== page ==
Heat Pumps – What You Need To Know


Today on the blog we will be featuring a particular technology that exists in most of the homes we build: the heat pump! It is important to educate yourself on how to properly operate a heat pump, so that you can avoid potential problems, maintain it appropriately, and get the most out of the system.

A quick summary (for those who may not be familiar already):

A heat pump is a device that uses electricity to pull heat from a cold source and transfer it warm place. In doing so it makes the cold source even colder and increases the temperature of the warmer place. In the example of a heat pump on a house: There is typically an outdoor unit and an indoor unit. In the heating season the outdoor unit will absorb heat from the outside air and push it through to the indoor unit to be distributed into the home. Alternatively, in the cooling season, the outdoor unit will draw in warm outside air and using pressure and a liquid refrigerant, will cool the air that will be cycled through the home.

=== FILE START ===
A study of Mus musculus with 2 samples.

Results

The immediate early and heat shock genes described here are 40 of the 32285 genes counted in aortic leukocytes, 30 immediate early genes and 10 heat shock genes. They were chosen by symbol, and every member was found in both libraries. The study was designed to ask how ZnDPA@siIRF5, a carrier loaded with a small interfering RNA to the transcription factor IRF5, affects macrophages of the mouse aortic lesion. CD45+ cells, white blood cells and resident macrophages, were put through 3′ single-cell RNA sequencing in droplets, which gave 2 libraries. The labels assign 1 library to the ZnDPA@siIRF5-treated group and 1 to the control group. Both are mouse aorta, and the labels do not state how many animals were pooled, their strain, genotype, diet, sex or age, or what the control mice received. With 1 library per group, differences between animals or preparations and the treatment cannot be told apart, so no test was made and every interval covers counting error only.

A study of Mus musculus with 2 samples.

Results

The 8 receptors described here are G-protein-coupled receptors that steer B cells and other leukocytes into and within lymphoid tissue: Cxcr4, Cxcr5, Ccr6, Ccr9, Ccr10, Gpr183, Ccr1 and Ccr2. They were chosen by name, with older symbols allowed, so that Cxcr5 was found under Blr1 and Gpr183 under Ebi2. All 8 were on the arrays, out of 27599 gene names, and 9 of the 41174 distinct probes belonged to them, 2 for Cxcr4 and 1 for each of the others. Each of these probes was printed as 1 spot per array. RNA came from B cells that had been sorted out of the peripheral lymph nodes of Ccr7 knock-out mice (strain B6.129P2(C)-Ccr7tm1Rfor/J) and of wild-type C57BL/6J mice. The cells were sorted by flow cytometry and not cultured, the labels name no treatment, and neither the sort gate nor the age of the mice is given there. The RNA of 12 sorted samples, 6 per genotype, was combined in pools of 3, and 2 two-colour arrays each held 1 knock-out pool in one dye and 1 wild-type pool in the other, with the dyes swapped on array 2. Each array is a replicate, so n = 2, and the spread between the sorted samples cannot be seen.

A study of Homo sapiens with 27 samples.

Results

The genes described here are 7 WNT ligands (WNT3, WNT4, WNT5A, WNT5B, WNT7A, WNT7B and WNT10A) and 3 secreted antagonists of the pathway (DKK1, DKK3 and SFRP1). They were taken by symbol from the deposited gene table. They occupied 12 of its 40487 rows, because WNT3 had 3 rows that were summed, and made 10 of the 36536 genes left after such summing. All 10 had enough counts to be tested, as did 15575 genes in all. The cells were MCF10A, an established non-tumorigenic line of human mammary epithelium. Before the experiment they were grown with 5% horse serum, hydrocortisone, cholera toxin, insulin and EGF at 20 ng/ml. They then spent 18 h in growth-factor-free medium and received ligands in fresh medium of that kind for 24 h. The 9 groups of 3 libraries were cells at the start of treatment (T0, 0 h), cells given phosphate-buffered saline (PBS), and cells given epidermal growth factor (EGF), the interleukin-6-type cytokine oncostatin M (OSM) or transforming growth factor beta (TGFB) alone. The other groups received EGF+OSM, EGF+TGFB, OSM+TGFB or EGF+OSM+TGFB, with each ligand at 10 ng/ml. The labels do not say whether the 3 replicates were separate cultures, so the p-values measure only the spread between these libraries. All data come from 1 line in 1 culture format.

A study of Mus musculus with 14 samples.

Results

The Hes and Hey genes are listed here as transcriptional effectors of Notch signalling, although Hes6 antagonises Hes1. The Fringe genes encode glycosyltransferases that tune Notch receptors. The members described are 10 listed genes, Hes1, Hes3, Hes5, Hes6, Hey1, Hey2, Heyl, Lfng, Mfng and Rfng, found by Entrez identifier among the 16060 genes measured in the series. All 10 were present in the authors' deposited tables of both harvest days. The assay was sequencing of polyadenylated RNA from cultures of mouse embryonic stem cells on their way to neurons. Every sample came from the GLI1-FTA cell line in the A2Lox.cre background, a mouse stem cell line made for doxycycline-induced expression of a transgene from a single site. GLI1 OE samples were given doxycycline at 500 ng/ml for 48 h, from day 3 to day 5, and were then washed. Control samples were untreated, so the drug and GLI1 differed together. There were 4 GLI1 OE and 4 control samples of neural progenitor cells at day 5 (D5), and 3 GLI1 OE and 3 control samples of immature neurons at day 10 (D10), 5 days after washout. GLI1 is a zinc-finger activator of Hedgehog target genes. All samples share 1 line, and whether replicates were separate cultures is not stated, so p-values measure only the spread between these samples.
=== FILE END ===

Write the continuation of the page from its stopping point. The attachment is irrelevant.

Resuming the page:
If I already have a heat pump in my home, what do I need to know?

As outside temperatures decrease, you may notice that the air from the registers will feel less warm. This is common for all heat pumps and is nothing to worry about. The heat pump is designed to keep a house at a steady and even temperature by supplying more air at a lower temperature, which provides for a more comfortable living environment.

It is also common under normal operation for your heat pump to run continuously for several days when temperatures get below freezing.

Heat pumps are very economical and supply most of what is needed to keep a home at a comfortable temperature. However, if the homeowner changes the thermostat to a temperature that is more than what the heat pump alone can provide, electric heaters will be activated. Therefore, the most economical way to use a heat pump is to choose a reasonable and comfortable temperature and avoid changing the thermostat too frequently.